Written by: Diane Johnson, Stanley Kubrick, based on a novel by Stephen King
Directed by: Stanley Kubrick
MPAA Rating: R
Running Time: 142
Date: 05/22/1980

The Shining (1980)

4 Stars (out of 4)

Hotel Hell

By Jeffrey M. Anderson

Stanley Kubrick's horror film, The Shining (based on the Stephen King novel) creates some of the most genuine spine chills ever filmed. Taking a job as a winter caretaker for a giant and remote hotel, Jack Nicholson, his wife Shelley Duvall, and his son Danny Lloyd, find that the long hallways and empty rooms contain more than a few ghosts. The film goes from scary to amusing as Jack slowly turns into a psychopath, taking an axe to his loved ones. (Why is it that Kubrick's psychopaths -- McDowell in A Clockwork Orange, Nicholson, and Ermey in Full Metal Jacket -- are so much fun?) Kubrick's use of space and the eerie steadycam have never been put to better use, and the great Scatman Crothers provides some fun support.

The Shining (1980) marks an interesting spot in Stanley Kubrick's filmography, one that hardly anyone ever mentions. Most Kubrick films are not appreciated in their own time, but while Barry Lyndon (1975) and Full Metal Jacket (1987) are beginning to enjoy a newfound critical reputation, The Shining -- stuck right between them -- is generally left out of the discussion. Despite mixed reviews (recommendations from Andrew Sarris and the New York Times, but pans from Pauline Kael, Stanley Kaufmann, Dave Kehr and Variety), it was a hit film, grossing $44 million on a $19 million budget (according to It was based on a young, successful horror writer's third novel, and thus it hardly warranted serious consideration. Only David Thomson, in his "Biographical Dictionary of Film," gives the film a once-over; in an otherwise negative essay about Kubrick, he calls The Shining Kubrick's "one great film," but he also calls it "very funny."

At the same time, horror fanatics find the film extraordinary; and by all counts, they're right. Here was a horror entry from a first-class filmmaker who had succeeded in escaping the "horror" classification. Our other masters -- Bava, Romero, Carpenter, Hooper, Craven, etc. -- started in horror and got stuck there, unable to express their artistry in any other medium, and unable to earn the acclaim of someone like Kubrick. He visited, left unscathed and left behind something truly exceptional.

Based, of course, on a 1977 novel by Stephen King, The Shining concerns a writer, Jack Torrance (Jack Nicholson), who gets a job as watchman for the Overlook Hotel during the long winter months. He takes along his wife Wendy (Shelley Duvall) and son Danny (Danny Lloyd), but despite the hotel chef (Scatman Crothers) remaining nearby, the enormous hotel is dauntingly empty for three little people. Jack wants to work on his book, but slowly goes bananas. Of course, things didn't look so good to begin with since Danny had been having conversations with a sinister-sounding imaginary friend, Tony, a "little boy who lives in my mouth." Some, like Roger Ebert, have suggested that perhaps all three family members are slowly losing their marbles, and that each imagines terrible things happening to themselves and one another. (This better explains the ghostly photograph that closes the film.)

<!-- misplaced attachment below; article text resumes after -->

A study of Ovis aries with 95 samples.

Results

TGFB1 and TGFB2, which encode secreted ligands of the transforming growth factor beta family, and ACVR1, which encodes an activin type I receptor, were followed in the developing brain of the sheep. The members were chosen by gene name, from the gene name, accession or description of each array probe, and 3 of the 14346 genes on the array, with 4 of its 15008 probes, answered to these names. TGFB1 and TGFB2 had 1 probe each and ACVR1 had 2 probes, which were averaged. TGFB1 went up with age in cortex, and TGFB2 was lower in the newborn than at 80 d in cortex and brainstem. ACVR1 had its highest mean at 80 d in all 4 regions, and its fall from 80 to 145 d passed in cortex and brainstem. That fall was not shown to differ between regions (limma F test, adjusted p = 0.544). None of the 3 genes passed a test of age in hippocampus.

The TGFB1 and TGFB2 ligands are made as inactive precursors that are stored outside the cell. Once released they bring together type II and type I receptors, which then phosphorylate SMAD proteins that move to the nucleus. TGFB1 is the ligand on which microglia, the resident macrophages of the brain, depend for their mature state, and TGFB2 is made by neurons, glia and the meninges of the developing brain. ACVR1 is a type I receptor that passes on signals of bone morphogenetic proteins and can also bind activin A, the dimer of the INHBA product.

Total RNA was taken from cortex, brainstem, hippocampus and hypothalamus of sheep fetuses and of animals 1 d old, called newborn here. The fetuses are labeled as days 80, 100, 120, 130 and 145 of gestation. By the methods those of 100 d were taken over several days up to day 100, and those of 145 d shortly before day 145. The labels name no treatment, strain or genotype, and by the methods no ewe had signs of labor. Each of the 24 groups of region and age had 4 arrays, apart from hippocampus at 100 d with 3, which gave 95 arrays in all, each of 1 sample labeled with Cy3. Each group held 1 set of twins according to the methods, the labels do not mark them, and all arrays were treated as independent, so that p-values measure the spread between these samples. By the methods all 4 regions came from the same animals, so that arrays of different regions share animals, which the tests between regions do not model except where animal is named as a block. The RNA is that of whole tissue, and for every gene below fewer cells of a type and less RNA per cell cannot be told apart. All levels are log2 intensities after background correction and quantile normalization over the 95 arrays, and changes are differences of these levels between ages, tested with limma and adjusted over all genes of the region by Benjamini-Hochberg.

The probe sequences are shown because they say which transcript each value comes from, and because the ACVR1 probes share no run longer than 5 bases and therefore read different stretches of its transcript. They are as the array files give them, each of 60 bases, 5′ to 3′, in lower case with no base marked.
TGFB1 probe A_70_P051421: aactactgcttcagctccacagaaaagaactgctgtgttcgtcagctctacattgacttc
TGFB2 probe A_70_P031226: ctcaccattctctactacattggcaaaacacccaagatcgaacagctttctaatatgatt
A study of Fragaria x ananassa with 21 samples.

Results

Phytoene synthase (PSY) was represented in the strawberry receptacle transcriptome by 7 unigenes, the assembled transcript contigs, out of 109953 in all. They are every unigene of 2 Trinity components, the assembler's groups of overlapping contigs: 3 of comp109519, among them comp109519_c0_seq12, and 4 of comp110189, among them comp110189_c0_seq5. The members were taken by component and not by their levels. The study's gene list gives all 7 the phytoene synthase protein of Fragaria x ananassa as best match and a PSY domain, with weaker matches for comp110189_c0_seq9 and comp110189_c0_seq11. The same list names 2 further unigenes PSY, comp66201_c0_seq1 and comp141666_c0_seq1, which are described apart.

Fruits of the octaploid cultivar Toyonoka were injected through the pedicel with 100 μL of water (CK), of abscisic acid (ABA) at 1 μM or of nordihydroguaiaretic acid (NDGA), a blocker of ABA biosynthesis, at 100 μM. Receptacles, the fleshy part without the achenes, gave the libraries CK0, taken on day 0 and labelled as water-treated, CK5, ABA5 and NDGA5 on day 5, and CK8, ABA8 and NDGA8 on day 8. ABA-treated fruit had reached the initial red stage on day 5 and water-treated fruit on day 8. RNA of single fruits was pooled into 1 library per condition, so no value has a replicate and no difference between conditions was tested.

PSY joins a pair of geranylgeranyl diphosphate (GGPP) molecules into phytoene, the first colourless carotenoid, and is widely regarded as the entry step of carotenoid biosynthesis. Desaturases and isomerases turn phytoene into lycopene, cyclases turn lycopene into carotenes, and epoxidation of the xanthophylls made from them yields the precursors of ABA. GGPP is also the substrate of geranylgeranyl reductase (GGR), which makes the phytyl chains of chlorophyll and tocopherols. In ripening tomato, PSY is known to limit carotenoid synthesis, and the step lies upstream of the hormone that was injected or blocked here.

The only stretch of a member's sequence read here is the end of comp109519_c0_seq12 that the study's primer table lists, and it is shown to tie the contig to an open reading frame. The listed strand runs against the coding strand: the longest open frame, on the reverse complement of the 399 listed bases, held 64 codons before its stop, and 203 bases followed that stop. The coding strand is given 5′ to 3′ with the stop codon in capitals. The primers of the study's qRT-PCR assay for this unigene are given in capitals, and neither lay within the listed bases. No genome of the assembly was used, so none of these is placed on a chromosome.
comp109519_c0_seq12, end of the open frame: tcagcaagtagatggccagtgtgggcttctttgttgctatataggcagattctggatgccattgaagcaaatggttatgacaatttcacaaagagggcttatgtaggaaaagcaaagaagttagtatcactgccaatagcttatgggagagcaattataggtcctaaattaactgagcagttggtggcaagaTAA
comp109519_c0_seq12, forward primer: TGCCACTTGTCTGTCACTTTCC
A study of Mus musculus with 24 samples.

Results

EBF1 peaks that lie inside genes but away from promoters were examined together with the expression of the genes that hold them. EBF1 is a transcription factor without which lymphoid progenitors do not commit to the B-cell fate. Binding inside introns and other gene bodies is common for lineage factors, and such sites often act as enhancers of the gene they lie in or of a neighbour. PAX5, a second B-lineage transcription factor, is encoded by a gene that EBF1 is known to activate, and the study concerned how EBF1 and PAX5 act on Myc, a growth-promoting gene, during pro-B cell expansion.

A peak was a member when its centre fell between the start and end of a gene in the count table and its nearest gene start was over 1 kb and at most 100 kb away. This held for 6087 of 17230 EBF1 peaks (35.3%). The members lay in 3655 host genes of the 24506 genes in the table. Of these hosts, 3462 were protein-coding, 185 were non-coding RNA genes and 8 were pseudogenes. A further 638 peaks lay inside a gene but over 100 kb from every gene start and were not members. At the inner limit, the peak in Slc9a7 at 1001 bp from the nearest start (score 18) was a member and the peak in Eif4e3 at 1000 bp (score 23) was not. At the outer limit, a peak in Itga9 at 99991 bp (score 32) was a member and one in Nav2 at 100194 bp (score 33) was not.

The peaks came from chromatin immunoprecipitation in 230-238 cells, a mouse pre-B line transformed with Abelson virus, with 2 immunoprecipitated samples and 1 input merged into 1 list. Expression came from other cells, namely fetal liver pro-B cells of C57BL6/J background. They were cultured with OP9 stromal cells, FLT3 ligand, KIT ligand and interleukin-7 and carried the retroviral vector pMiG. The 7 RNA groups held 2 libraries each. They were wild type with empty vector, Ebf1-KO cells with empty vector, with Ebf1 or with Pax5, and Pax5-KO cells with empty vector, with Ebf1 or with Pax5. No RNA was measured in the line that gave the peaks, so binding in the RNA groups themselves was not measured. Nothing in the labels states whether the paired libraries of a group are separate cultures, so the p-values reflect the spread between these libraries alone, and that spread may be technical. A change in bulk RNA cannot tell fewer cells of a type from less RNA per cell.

Kubrick embraces the hotel's giant, brightly lit hallways, rather than the genre's usual gloomy corridors, as a potential source of horror. After all, the scariest things on earth exist only in our imagination and our nightmares, so who's to say what's around that next corner, brightly lit or not? For the movie, Kubrick employed a relatively new invention, the Steadicam, which mounts onto an operator's body and is secured with an elaborate series of balances and counterbalances, so that the operator can walk freely down the hallways without the camera registering the up and down movement of his gait. Though Kubrick occasionally cuts to shots following Jack and the other characters down the hallways, he also provides first-person POV shots, which plunk the viewer right into the horror.

The smooth, gliding movement also provide a sensation of inevitability, like being on a carnival haunted house ride; we're going into that room or around that corner, and there's nothing anyone can do about it. It also suggests the sensation of keeping one's eyes open, and not blinking, rather than lots of cutting, which relates to averting or closing ones eyes. This gliding slowness even applies to the dialogue, which oozes creepy tension in all the silences between words. (Bay Area novelist Diane Johnson, whose best-known work is probably Le Divorce, co-wrote the screenplay with Kubrick; it was an odd fit and her only screenplay to date, but it worked.) Some critics blasted the film for its departure from these quiet moments, like the elevator full of blood, but I maintain that these images work simply because -- in the logic of the film -- they're ghostly illusions rather than reality.

Today, the film is probably better known for its behind-the-scenes legends, such as the fact that Jack's typewritten pages were each individually typewritten (no photocopies), or that Kubrick forced Nicholson to re-do the line "That'll be just fine" something like 80 times. The actors later reported that they went through hell, but their performances were worth the trouble. To me, these tales only add to the film's strange power, and the fact that it was one of the most flat-out terrifying films I ever saw. At one point, Jack refers to Wendy as "a confirmed ghost story and horror film addict." I admit to being the same, as well as a fan of Kubrick, and so for me The Shining is a film to be admired, explored, pondered and treasured.

Warner Home Video's DVD release contains a great short documentary shot by Kubrick's daughter Vivian when she was 17, plus a brand new witty and wonderful commentary track by her.